And he performs this sacrifice to the idol, and whoever desires to reign another twelve years and undertake this martyrdom for love of the idol, has to be present looking on at this: and from that place they raise him up as king." The king of Calicut, on the Malabar coast, bears the title of Samorin or Samory.

One of the desperados had a nephew of fifteen or sixteen years of age, that kept close by his uncle in the attack on the guards, and, when he saw him fall, the youth got through the guards into the tent, and made a stroke at his Majesty's head, and had certainly despatched him if a large brass lamp which was burning over his head had not marred the blow; but, before he could make another, he was killed by the guards; and, I believe, the same Samorin reigns yet.

And a new custom is followed by the modern Samorins, that jubilee is proclaimed throughout his dominions, at the end of twelve years, and a tent is pitched for him in a spacious plain, and a great feast is celebrated for ten or twelve days, with mirth and jollity, guns firing night and day, so at the end of the feast any four of the guests that have a mind to gain a crown by a desperate action, in fighting their way through 30 or 40,000 of his guards, and kill the Samorin in his tent, he that kills him succeeds him in his empire.

He "pretends to be of a higher rank than the Brahmans, and to be inferior only to the invisible gods; a pretention that was acknowledged by his subjects, but which is held as absurd and abominable by the Brahmans, by whom he is only treated as a Sudra." Formerly the Samorin had to cut his throat in public at the end of a twelve years' reign.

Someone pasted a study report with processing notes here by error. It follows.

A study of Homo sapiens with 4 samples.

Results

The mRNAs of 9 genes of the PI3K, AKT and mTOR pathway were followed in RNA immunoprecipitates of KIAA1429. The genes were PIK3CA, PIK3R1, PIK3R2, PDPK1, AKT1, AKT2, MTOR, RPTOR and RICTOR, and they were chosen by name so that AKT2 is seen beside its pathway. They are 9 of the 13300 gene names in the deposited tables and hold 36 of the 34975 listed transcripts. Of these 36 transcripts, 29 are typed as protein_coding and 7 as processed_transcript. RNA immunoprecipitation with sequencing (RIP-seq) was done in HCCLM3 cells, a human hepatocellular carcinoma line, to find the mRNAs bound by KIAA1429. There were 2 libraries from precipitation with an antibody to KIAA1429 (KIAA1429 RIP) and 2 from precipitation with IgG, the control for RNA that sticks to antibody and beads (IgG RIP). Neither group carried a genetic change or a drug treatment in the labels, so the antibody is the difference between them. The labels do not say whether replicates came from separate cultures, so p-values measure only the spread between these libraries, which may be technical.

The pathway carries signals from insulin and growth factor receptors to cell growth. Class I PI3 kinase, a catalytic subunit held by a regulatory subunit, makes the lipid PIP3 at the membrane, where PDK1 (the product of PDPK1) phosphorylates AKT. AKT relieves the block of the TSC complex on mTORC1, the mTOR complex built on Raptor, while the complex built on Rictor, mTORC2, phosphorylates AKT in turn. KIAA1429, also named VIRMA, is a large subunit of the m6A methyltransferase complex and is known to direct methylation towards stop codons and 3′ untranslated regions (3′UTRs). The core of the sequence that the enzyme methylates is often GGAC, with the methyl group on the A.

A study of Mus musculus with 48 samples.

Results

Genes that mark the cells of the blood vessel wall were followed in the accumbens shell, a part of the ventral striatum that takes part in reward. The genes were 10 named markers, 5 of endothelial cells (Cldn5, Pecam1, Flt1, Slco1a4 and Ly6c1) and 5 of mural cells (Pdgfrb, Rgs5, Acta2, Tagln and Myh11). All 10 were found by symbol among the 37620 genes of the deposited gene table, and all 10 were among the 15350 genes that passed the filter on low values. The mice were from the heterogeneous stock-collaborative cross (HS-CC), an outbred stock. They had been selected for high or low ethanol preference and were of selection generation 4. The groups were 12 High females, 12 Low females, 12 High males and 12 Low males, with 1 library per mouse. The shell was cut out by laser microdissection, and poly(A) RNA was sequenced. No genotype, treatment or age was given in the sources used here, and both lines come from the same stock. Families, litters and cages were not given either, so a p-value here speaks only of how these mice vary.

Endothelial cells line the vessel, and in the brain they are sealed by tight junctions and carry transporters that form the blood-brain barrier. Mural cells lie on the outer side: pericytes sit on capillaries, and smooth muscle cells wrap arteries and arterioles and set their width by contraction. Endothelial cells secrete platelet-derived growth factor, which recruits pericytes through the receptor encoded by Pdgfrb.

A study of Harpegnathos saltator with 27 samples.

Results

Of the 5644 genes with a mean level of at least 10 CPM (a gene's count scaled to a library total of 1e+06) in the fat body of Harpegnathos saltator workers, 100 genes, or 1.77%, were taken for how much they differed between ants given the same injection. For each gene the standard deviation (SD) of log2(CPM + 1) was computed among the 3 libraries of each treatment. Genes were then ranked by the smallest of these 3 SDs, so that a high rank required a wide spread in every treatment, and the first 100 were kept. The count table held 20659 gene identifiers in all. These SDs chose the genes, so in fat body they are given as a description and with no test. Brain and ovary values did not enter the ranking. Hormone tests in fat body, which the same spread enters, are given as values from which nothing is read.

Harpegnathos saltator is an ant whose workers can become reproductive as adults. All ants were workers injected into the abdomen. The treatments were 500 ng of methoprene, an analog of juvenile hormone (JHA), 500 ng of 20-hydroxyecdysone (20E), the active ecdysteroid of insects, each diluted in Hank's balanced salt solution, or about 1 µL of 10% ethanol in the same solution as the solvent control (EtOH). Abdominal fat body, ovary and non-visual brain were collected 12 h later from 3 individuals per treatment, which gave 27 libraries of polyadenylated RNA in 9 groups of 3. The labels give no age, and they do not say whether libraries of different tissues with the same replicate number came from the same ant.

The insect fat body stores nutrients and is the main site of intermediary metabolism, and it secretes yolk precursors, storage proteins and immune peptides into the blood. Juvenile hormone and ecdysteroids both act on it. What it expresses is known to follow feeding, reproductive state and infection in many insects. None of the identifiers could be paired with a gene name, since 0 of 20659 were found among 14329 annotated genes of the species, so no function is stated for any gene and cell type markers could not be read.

The dominions of the Samorin begin twelve leagues from Cochin and reach to near Goa. I remained in Cochin eight months, till the 2d of November, not being able to procure a passage in all that time; whereas if I had arrived two days sooner I should have got a passage immediately.

They have here many palmers, or coco-nut trees, which is their chief food, as it yields both meat and drink, together with many other useful things, as I said formerly. The nairs belonging to the Samorin or king of Calicut, which are Malabars, are always at war with the Portuguese, though their sovereign be at peace with them; but his people go to sea to rob and plunder.

But towards the end of the seventeenth century the rule had been modified as follows: "Many strange customs were observed in this country in former times, and some very odd ones are still continued. It was an ancient custom for the Samorin to reign but twelve years, and no longer.

Their chief captain is called Cogi Alli, who hath three castles under his authority. When the Portuguese complain to the Samorin, he pretends that he does not send them out, but he certainly consents to their going.

After the feast he saluted his guests, and went on the scaffold, and very decently cut his own throat in the view of the assembly, and his body was, a little while after, burned with great pomp and ceremony, and the grandees elected a new Samorin. Whether that custom was a religious or a civil ceremony, I know not, but it is now laid aside.